Who pays for mediation? - Family Law Partners

Who pays for mediation?


Family mediation is a voluntary process where an independent, professionally trained mediator helps separating couples find solutions to issues that arise as a result of divorce or separation. It is often a very cost-effective option for separating couples, but who pays for the costs of mediation?

Publicly funded mediation

You may qualify for publicly funded support to help with mediation costs. Whilst there have been significant cuts to this in recent years it is still available to help towards the costs of mediation in some circumstances. It is means tested, so you must have a very low/no income to qualify and capital means is also assessed.

You can check if you are eligible online using the eligibility calculator on the gov.uk website.

At Family Law Partner’s do not provide publicly funded mediation services. If you are eligible you can find mediators that can provide mediation funded this way on the Find Your Local Mediator page on the Family Mediation Council website.

Family Mediation Voucher Scheme

The government is currently investing in family mediation, to support families to resolve issues relating to children. Under the government scheme the Ministry of Justice are providing contributions of up to £500 per family towards mediation costs to resolve issues relating to children following parental separation.

Mediation under the voucher scheme is provided by Family Mediation Council Accredited mediators.

On attendance at your initial one to one meeting with a mediator (known as a Mediation Information Assessment Meeting, or ‘MIAM’) the mediator will assess the issues which you seek to resolve to see if they are suitable for mediation and meet the eligibility requirements for the voucher scheme.

The mediation voucher is restricted to assisting with funding of mediation sessions only, so you will have to pay for your Mediation Information Assessment Meeting first, unless you are eligible for publicly funded support.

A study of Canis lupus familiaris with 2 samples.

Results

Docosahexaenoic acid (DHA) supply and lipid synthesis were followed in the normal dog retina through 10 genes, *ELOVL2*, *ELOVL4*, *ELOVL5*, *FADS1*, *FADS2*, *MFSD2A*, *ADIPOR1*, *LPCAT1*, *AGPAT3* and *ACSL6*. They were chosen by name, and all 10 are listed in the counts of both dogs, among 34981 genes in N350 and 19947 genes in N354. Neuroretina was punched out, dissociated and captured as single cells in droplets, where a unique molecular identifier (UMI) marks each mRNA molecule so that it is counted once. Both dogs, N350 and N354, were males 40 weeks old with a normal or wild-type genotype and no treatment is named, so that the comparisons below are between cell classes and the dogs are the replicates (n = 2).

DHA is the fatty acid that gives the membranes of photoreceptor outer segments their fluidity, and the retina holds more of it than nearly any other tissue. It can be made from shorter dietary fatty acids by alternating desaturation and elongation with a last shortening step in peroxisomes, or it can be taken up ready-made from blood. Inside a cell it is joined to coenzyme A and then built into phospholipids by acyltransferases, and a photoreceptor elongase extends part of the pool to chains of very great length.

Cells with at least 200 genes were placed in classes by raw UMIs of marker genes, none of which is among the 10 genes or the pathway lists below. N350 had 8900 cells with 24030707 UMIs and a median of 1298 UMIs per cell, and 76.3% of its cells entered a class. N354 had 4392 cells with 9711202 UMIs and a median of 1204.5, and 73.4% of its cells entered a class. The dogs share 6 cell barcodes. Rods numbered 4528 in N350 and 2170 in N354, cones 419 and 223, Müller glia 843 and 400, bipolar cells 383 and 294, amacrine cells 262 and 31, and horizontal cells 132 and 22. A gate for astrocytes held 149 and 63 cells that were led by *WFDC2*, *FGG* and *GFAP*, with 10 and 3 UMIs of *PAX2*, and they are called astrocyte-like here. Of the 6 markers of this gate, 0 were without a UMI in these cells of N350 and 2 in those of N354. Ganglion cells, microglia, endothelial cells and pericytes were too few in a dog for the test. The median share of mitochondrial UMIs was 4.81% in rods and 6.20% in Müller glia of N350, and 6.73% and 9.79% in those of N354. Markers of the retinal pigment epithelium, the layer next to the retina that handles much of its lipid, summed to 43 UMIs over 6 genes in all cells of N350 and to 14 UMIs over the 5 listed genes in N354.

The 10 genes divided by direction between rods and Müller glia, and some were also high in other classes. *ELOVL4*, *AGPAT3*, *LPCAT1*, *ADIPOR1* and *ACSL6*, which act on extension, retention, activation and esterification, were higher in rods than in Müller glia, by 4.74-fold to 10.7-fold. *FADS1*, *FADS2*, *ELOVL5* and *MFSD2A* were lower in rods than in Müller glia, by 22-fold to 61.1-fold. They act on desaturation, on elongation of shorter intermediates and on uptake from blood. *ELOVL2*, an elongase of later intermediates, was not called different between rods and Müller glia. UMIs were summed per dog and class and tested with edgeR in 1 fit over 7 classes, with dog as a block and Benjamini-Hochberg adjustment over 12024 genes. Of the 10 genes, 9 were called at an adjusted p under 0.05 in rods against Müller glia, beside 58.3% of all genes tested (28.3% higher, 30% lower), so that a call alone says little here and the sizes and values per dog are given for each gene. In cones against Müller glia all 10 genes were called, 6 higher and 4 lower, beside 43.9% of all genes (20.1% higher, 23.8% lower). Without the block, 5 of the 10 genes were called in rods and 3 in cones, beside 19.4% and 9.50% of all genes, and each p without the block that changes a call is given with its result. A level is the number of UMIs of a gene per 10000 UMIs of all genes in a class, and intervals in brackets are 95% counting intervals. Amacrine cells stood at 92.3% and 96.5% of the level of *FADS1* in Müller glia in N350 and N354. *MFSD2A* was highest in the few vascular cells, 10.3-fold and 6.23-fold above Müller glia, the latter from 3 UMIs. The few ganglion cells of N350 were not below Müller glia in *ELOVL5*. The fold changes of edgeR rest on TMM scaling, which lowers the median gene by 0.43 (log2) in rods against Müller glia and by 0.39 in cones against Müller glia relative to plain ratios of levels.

The case types specified below are eligible for a mediation voucher:

  • a dispute regarding a child
  • a dispute regarding family financial matters where you are also involved in a dispute relating to a child

If you decide to proceed with mediation, and are eligible for the voucher, your mediator will apply for the voucher funding and it will be paid directly to them once all mediation sessions are concluded. You will not receive a physical voucher and you will not need to make an application for it.

Vouchers are limited in number and will be offered to eligible parties until they are no longer available. Your mediator will let you know if there are vouchers available.

In order to take part in the scheme you will be asked to confirm that you have:

  • asked the mediator to apply for the voucher
  • not already applied for another voucher as part of the same scheme
  • given consent to your mediator providing your necessary information to the Family Mediation Council. This includes your name, the bill for mediation services you receive from the mediator and some basic information about your case.

You can only claim once per family/ case for a one-off contribution of up to £500 towards your mediation costs.

You can find more information about the scheme on our website: Family Mediators Welcome Government Voucher Scheme.

If you’re not eligible for public funding and/or the Voucher Scheme doesn’t cover your costs, who pays?

At the start of the mediation process you will need to be clear on how the costs will be paid. You will have the costs of the mediation sessions themselves to cover as well as any work that the mediator needs to do outside of the sessions, such as reviewing financial information to help facilitate discussions in relation to the terms of a financial settlement and/or the drafting the outcome documents.

The mediator will let you know what their fees/hourly rates are at the outset. You may also have other costs to factor in such as the costs of expert reports (e.g. a surveyor’s report to value a property or a pension report to advise on pensions) and/or the costs of getting any outcome made legally binding.

You will need to be clear on how these costs are to be covered. You may decide the costs are split 50/50 between you, this is what most separating couples using mediation do. There may be savings that you both decide are to be set aside to cover the costs for both of you. It may be that it is decided that one of you will cover all the costs, or that one of you will cover the costs in the first instance on the basis these costs are paid back as part of the overall financial agreement.

How can we help?

For more information on our mediation services and guidance, please refer to our blog which covers different topics about mediation.

If you would like to find out more or arrange mediation with one of our specialist family law mediators please contact us.

Gemma Hope is a Director, Specialist Family Law Solicitor, Mediator and Collaborative Lawyer in our Brighton team.